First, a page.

A New Jersey man has filed suit against a Waltham-based Dunkin' Donuts and Newton-based towing company claiming his car was illegally towed.
Michael Brendzel, 63, of Millburn, NJ, also claimed the Dunkin' Donuts at 859 Main St. in Waltham, along with David’s Towing are conspiring in a “predatory towing” scheme, according to a complaint he filed in Middlesex Superior Court on July 13.
“This is just a scam that, in my opinion, cannot be allowed to continue,” Brendzel, an attorney, told Patch in an interview.
Patch left a phone message with David’s Towing, but never received a response.
Dunkin' Donuts, through a spokesman, declined comment, saying it was company policy to not comment on pending lawsuits. The 859 Main St. location is franchisee-owned by Randy Plante, but Dunkin' Donuts declined to put Patch in touch with him. Other attempts to reach Plante were unsuccessful.
Dunkin' Donuts, however, denies Brendzel’s claims, according to court documents.
Background On Lawsuit Incident (Source: Brendzel’s court complaint and interview with Brendzel)
- At 10:30 p.m. on Aug. 21, 2010, Brendzel and his son, whom he was visiting, drove to the Dunkin' Donuts at 859 Main St., for a cup of coffee, and parked their vehicle in its parking lot. Brendzel’s son as interning with a Waltham-based private equity firm at the time.
- The pair went inside, purchased coffee and, as they exited the building, noticed people smoking and loitering in the parking lot. As a result, Brendzel and his son, who suffers from asthma, left the Dunkin' Donuts premises to consume their beverages.
- Despite leaving the area, Brendzel still contends he was illegally towed. “As the complaint specifically says, I had come back still holding the … coffee in my hand,” Brendzel said. “Since I was a customer… that should not absolve them of the protection [against having his vehicle towed] I am entitled to.”
- About 20 minutes later, Brendzel and his son returned to the Dunkin' Donuts and found their car attached to a tow truck owned by David’s Towing.
- Brendzel asked the driver of the truck, Michael Proia, what he was doing and to provide legal basis for towing the vehicle, but Proia declined.
- At 10:54 p.m., the arrived and Brendzel asked Proia to release his car and provide the legal basis for trying to tow it. Brendzel also asked the officer to provide the legal basis for towing the vehice as well as release the car. Both the officer and tow truck driver declined Brendzel's requests.
- Proia said he would only release the car if Brendzel paid a $45 unhitching fee, which Brendzel paid. Brendzel, however, but felt the fee amounted to extortion.
- Police then arrested Brendzel for disorderly conduct and his vehicle was towed to David’s Towing storage lot. Court documents don’t state why Brendzel was arrested.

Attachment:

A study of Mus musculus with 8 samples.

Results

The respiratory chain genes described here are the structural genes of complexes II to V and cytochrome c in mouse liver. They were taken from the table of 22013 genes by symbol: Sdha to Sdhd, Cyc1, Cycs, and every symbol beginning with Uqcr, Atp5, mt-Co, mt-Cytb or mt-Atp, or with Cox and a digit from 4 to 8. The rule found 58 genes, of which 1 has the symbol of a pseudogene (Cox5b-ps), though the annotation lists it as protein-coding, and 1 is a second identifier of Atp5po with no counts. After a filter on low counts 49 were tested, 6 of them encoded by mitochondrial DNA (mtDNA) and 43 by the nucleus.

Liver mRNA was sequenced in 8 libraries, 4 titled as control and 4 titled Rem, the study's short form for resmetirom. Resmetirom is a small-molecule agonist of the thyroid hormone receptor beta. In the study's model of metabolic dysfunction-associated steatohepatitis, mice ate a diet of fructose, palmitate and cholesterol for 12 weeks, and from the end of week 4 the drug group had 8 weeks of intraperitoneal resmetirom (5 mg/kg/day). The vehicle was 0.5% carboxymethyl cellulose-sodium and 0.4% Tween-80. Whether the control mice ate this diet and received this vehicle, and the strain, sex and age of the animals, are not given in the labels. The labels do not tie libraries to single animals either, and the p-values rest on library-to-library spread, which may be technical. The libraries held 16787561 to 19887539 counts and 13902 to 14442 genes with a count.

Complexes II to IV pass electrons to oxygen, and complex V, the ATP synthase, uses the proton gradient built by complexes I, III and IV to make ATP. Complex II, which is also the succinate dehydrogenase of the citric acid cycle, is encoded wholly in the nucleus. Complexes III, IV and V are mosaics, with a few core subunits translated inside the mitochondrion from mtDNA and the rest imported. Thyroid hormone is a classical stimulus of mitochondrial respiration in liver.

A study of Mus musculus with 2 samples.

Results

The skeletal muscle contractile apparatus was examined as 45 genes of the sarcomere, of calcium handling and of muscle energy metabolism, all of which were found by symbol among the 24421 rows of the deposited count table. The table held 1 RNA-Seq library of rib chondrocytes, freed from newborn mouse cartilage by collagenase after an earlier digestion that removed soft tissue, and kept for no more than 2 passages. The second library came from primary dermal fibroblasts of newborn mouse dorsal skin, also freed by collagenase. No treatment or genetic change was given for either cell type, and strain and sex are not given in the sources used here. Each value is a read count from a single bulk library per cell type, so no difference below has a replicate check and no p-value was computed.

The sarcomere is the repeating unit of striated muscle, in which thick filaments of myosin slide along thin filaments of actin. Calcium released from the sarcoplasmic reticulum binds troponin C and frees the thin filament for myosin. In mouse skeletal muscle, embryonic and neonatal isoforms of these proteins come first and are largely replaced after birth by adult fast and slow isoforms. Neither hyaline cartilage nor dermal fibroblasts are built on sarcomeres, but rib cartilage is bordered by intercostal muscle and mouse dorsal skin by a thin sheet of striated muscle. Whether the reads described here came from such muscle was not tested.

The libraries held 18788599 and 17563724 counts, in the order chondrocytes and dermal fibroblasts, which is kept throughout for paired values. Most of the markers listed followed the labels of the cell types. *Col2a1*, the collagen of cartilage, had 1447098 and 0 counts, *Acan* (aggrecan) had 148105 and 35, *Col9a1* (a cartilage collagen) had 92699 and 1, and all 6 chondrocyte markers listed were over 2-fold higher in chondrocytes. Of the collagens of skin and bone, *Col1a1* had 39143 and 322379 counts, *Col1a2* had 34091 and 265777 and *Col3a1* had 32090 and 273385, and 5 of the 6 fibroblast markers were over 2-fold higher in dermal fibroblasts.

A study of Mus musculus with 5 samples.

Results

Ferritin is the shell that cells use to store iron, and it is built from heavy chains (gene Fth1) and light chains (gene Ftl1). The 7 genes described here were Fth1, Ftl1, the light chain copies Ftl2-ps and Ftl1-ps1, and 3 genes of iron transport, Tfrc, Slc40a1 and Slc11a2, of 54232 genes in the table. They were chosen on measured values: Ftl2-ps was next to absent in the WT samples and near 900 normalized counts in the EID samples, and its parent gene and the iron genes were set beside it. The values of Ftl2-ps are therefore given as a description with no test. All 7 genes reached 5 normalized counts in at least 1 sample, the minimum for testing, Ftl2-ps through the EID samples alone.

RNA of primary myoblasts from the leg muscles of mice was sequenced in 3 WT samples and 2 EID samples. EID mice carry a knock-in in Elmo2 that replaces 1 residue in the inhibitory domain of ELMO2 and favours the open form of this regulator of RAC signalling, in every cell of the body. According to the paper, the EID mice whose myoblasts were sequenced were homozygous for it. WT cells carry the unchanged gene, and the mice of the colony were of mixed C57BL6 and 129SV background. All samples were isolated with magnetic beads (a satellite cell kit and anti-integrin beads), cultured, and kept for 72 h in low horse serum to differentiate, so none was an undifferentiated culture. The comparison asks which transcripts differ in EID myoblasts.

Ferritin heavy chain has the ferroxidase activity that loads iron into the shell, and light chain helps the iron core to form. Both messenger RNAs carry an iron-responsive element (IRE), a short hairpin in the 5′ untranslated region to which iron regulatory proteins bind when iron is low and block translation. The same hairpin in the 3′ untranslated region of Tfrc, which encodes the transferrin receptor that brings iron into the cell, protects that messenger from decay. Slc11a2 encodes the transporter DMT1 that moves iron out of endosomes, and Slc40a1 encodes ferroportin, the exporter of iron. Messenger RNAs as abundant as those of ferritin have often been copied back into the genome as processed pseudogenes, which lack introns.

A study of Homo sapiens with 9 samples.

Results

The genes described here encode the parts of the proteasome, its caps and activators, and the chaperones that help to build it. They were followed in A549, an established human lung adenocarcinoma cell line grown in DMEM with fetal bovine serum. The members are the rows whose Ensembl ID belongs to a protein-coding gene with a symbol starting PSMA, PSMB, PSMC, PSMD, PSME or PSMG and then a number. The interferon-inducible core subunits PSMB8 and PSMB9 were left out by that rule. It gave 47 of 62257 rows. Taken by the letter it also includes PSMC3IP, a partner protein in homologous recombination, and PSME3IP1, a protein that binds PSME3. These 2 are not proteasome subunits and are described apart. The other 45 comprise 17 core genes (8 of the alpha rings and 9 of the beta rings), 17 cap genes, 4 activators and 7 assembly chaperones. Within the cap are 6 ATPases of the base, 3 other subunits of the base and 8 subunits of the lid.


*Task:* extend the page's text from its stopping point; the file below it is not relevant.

- After being released on bond, Brendzel returned to the Dunkin' Donuts at 1:30 a.m. and spoke to two Dunkin' Donuts employees and asked them to preserve surveillance footage of the store and area around it. Later in the morning, the shop’s manager agreed to do so.
- On Aug. 22, Brendzel went to David’s Towing storage lot and paid $125 to recover his vehicle.
- On Aug. 23, Brendzel was arraigned at , and declined the prosecutor’s offer to drop the charges if Brendzel paid a $100 court fee. Brendzel claimed that offer was unfair because he believed his car was unlawfully towed and the charges against him were baseless. Brendzel felt the offer amounted to extortion.
Brendzel’s Evidence (Source: Brendzel’s court complaint)
To back up his claims, Brendzel cites several pieces of evidence.
- Evidence: Brendzel claims that on Sept. 4, he and his son went back to the parking lot and met a man named “Jeffrey,” who allegedly claimed he acted as spotter, reporting towing opportunities to David’s Towing. Jeffrey claimed he received payment for each report.
- Evidence: Brendzel claims the police report about his car being towed falsely states a Dunkin' Donuts manager named Ricky authorized Brendzel’s car being towed, but no manager was on the premises at the time of the incident. Brendzel claims David’s Towing and Proia falsified the report so they could take Brendzel’s car.
Status Of Lawsuit
- As of last week, David’s Towing had not responded to the suit, according to Brendzel’s attorney, Melissa Hoffman.
- Brendzel is asking for a jury trial and for damages and attorneys' fees and for the establishment of a fund to compensate Dunkin' Donuts customers who have gone through a similar experience.
- Brendzel has been arrested in Berkeley Heights, NJ, prior to the towing incident. According to , Brendzel was arrested on Feb. 23, and charged with trespassing and harassment after he allegedly refused to leave a leave medical building after a security official told him to do so. Brendzel confirmed his February arrest to Waltham Patch and said the charges were scheduled for dismissal on Aug. 18.
- “In effect they are not proceeding with the prosecution,” Brendzel told Patch.
- Brendzel, however, declined to provide proof that the charges were dropped.
- In an interview, Brendzel said he was at the medical building to accompany his wife to chemotherapy. She had been battling ovarian cancer.
- “It is my contention that the performance of [some doctors] left a lot to be desired,” Brendzel said on why he was at the building.